Philosophy at Approach

At SUWS, we understand that adolescents often feel as though they are making the best decisions for their lives, however they often fall victim to overpowering emotions, peer pressure and a distorted self-image. We recognize that these feelings can make it complicated for young people to understand their choices and consequences, which directly plays into their development of the skills necessary to grow into successful adults. Therefore, we provide a unique clinical treatment plan that has proven to be highly effective in helping students identify these issues so they can begin working towards a successful recovery.

SUWS of the Carolinas is a therapeutic wilderness program designed to address the specific needs and challenges of adolescents within the following domains:

  • Low self esteem
  • Depression
  • Anxiety
  • Emotional Regulation
  • Trauma
  • Anger Issues
  • Family conflict
  • School failure

The entire staff at SUWS utilizes the wilderness setting as a catalyst that allows us to connect to troubled youth in ways that promote their positive development. We use the wilderness to move students out of their comfort zones and encourage them to engage in new, positive behavioral habits. This outdoor experience is designed solely to help bring out the best in our students by guiding them through our experiential and hands-on curriculum that keeps them continually discovering their inner strengths and increasing their self-awareness.

Not only do we strive to provide meaningful experiences for our students, but also work to incorporate parental development throughout their child’s stay. At SUWS, we do this by providing parents with tools, online resources and planning sessions all designed to help improve their relationship with their child.

Approach Program Levels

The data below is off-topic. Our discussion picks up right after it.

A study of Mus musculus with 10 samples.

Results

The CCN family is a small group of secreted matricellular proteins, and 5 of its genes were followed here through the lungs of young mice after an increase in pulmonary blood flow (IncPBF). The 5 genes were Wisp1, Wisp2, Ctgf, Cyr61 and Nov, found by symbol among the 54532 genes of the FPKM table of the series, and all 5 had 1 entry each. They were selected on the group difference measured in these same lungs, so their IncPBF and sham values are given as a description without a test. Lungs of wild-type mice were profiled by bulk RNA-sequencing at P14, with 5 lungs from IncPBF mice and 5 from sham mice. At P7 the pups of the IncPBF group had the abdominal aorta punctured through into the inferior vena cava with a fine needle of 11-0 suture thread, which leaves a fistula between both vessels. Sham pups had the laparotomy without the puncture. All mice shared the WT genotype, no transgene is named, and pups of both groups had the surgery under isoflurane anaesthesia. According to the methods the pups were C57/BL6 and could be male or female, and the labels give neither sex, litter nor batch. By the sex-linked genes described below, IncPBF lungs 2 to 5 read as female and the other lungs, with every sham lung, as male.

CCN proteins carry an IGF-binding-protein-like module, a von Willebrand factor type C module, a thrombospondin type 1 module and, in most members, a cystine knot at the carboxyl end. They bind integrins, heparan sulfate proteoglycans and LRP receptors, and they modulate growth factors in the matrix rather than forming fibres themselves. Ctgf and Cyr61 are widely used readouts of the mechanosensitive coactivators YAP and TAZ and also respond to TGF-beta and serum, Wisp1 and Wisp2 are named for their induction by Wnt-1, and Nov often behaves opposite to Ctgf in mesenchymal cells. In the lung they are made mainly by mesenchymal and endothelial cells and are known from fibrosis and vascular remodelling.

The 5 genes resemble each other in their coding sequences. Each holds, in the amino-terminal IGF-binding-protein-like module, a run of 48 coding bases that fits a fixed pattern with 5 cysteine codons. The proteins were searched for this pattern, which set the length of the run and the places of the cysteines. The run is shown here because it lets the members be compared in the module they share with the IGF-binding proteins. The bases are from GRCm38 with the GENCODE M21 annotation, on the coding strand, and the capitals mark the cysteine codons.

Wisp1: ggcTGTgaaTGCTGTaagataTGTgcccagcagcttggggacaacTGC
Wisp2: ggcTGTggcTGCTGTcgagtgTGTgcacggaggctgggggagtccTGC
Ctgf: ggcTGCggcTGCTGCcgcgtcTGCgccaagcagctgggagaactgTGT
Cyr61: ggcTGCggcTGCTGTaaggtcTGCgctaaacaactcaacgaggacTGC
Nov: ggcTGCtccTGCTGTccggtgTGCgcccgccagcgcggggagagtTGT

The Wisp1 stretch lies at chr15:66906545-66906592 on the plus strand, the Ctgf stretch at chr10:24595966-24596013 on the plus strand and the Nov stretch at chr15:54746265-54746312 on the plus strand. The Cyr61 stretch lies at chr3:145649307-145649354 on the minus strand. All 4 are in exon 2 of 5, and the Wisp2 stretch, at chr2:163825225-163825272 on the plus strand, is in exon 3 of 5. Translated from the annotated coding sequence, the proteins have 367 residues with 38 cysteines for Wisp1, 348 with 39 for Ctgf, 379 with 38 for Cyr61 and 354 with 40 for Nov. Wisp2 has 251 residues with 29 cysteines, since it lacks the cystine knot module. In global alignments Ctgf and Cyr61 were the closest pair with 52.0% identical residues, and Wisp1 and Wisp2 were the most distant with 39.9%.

Orientation:

  • Lasts 1 to 2 days.
  • Students live at the SUWS base camp.
  • The focus is on accepting placement, observing the group and interacting with field staff and therapists.
  • Students participate in a face-to-face psycho-social assessment conducted by a SUWS therapist.
  • Allowing a student to observe group dynamics reduces fear and assists in making a positive transition.

Individual:

  • Students are guided toward an understanding of how freedom relates to responsibility & opportunities to practice personal accountability.
  • Students begin individual therapy, participate in daily group processing and learn low impact camping skills.
  • Students begin to avoid blaming and begin to understand actions and consequences as they reflect on their strengths and weaknesses.
  • Mastering personal responsibility helps students gain control over themselves and their environment.

Community:

  • Having identified coping skills during the Individual level, students begin to practice healthy relationship skills.
  • They begin to integrate new behaviors and capabilities as well as new beliefs about themselves and others.
  • Students are given specific responsibilities chosen to challenge their individual developmental needs. These responsibilities are aimed at fostering the care and welfare of the group.

Responder:

  • On the responder level, students assume leadership roles within the group, assisting new students on the Orientation level transition into the program.
  • On this level, students are expected to be role models. They organize setting up and breaking down camp, lead hikes, and assume an active role in the daily group process.  Being a role model helps students internalize success and understand personal integrity.  Continuing to build character, students experience healthy self-esteem.